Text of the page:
June’s Inflation Slip Bodes Well For Homebuyers

Inflation cooled significantly in June, increasing by only 3% YOY, according to the Fed’s preferred inflation measure, the Consumer Price Index.

This is down from a 4% increase the month prior and fully a third less than its peak at nearly 9% last year.

June’s data suggests it’s possible for the U.S. to make a “soft landing” and reach its 2% inflation target without throwing the economy into recession. But it may yet be too early to celebrate.

“This is very promising news. The pieces of the puzzle are starting to come together,” Laura Rosner-Warburton, senior economist and founding partner at MacroPolicy Perspectives, told the New York Times. “But it’s just one report, and the Fed has been burned by inflation before.”

Plus, though the overall index saw improvement, the shelter component rose 0.4% last month and was up 7.8% YOY.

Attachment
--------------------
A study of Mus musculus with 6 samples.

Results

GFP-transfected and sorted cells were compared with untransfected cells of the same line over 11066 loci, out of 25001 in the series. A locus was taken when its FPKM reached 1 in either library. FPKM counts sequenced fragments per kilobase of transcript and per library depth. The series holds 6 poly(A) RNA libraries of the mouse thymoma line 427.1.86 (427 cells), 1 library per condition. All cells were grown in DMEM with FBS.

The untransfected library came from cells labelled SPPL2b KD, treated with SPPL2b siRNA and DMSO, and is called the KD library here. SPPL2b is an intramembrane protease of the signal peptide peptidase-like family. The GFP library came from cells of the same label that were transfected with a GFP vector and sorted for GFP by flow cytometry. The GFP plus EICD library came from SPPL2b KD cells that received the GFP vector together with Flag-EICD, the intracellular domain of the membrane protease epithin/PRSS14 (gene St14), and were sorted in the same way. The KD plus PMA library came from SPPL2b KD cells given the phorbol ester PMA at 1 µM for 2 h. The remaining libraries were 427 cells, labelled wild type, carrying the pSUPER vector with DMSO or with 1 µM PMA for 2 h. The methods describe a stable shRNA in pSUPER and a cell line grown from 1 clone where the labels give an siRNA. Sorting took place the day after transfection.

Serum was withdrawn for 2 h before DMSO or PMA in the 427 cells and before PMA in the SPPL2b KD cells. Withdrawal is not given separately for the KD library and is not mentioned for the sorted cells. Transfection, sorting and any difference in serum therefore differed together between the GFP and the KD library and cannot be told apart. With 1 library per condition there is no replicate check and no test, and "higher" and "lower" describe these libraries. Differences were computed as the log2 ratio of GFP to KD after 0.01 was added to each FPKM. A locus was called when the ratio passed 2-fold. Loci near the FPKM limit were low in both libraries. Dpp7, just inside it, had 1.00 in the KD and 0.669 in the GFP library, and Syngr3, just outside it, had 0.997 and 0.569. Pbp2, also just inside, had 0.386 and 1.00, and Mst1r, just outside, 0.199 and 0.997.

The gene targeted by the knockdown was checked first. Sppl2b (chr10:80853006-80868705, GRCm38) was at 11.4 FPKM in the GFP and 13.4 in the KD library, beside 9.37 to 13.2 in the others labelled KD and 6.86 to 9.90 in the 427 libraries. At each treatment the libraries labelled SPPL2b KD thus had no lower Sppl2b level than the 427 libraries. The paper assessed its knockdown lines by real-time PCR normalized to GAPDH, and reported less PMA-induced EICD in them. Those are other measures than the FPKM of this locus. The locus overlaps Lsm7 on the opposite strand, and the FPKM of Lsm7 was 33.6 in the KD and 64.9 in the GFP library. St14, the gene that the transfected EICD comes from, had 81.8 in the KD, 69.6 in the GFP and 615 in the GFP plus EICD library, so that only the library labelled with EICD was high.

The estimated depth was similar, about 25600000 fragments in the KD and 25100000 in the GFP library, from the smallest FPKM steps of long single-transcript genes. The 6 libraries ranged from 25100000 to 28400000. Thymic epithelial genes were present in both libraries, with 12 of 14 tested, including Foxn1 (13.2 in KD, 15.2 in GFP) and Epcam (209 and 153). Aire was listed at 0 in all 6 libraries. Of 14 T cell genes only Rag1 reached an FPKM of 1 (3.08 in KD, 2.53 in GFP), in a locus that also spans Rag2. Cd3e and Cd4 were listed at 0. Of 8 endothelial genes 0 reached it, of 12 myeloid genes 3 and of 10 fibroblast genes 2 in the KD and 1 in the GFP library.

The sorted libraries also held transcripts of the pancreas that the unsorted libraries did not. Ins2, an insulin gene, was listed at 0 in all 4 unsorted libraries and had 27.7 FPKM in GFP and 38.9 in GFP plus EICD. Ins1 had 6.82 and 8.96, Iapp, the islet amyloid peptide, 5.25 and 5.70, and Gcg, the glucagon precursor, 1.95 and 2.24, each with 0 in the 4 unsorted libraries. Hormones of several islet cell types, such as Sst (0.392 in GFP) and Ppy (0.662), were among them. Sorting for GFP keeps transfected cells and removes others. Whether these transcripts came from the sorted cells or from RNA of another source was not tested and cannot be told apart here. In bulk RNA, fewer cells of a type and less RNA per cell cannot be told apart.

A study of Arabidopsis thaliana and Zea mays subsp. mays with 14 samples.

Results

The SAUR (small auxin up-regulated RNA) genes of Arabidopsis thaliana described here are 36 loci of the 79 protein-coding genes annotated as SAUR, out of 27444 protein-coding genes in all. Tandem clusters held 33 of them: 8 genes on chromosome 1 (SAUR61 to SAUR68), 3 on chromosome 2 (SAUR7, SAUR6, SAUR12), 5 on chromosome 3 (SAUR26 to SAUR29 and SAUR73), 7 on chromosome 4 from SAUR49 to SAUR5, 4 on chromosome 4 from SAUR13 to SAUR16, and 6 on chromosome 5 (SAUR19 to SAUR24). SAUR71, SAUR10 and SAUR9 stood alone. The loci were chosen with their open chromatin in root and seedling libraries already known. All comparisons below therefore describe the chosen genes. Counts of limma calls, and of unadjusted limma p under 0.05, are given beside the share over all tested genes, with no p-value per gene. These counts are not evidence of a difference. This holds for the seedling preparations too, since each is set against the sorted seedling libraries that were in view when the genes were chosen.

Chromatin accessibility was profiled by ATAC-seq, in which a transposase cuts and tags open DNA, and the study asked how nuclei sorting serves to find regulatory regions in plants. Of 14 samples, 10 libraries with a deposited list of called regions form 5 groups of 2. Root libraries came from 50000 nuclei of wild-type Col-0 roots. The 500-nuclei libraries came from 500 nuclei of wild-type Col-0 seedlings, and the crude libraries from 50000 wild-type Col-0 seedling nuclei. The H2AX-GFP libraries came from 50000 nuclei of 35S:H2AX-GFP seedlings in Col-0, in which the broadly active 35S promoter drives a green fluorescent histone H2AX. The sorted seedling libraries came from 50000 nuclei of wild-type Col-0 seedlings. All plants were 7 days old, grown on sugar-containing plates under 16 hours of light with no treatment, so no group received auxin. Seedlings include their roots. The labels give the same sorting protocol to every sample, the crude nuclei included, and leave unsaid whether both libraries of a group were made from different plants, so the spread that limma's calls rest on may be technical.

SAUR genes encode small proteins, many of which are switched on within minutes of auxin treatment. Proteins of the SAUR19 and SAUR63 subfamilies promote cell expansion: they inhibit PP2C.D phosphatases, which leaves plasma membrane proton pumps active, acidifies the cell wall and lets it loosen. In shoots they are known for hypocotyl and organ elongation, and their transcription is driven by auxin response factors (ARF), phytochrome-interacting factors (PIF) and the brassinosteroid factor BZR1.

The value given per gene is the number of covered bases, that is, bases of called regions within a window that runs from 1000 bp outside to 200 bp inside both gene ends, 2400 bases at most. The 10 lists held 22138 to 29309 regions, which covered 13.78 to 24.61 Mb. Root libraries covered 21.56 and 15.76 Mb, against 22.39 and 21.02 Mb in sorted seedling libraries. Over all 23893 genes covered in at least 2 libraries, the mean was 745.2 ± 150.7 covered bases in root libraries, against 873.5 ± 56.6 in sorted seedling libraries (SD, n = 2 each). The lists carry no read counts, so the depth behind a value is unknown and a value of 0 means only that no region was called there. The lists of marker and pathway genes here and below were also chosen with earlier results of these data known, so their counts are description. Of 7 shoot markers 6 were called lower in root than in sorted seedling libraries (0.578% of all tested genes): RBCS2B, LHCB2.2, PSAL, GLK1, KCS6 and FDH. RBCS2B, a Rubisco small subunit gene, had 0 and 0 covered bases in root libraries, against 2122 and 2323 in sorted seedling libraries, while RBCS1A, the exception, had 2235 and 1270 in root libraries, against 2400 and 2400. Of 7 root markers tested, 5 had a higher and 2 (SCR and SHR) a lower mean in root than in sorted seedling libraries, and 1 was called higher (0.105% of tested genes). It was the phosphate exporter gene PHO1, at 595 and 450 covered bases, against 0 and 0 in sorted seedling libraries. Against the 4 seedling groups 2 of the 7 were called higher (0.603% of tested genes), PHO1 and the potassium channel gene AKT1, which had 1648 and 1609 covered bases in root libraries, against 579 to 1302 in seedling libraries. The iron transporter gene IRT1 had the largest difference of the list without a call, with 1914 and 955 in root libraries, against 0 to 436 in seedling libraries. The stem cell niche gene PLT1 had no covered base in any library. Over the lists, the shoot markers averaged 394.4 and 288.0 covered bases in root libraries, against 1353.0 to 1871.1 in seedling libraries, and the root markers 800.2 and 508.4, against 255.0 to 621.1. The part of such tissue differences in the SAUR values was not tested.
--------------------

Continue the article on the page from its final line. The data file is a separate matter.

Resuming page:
Shelter accounts for about a third of the CPI.

This puts mortgage rates and housing affordability at odds with each other. Lower inflation typically leads to lower rates. With the 30-year fixed-rate once again surpassing the 7% mark, any decline is a welcome relief for buyers, who have lost $30,000 in purchasing power since February due to rising rates.

But if shelter costs remain elevated, a decline in rates won’t translate to greater affordability. Home prices climbed 1.4% from May to June as demand outstrips inventory.

A serious rate slip could lead to lower home prices. Many potential sellers are locked into their current homes by sub-4% interest rates. Homeowners who want to move may jump ship when rates retreat, leading to more inventory and less competition. But rates would have to fall pretty drastically to seriously increase inventory.

Whether the Fed will raise rates in July is still up for debate. Some analysts point to the CPI as evidence that the Fed should hold off again and see what happens. Others say another hike is necessary to get ahead of inflation while it’s moving the right direction.

“If you back off too soon, inflation comes back strong, which then requires the Fed to do even more,” Thomas Barkin, Federal Reserve Bank of Richmond president, said in a speech.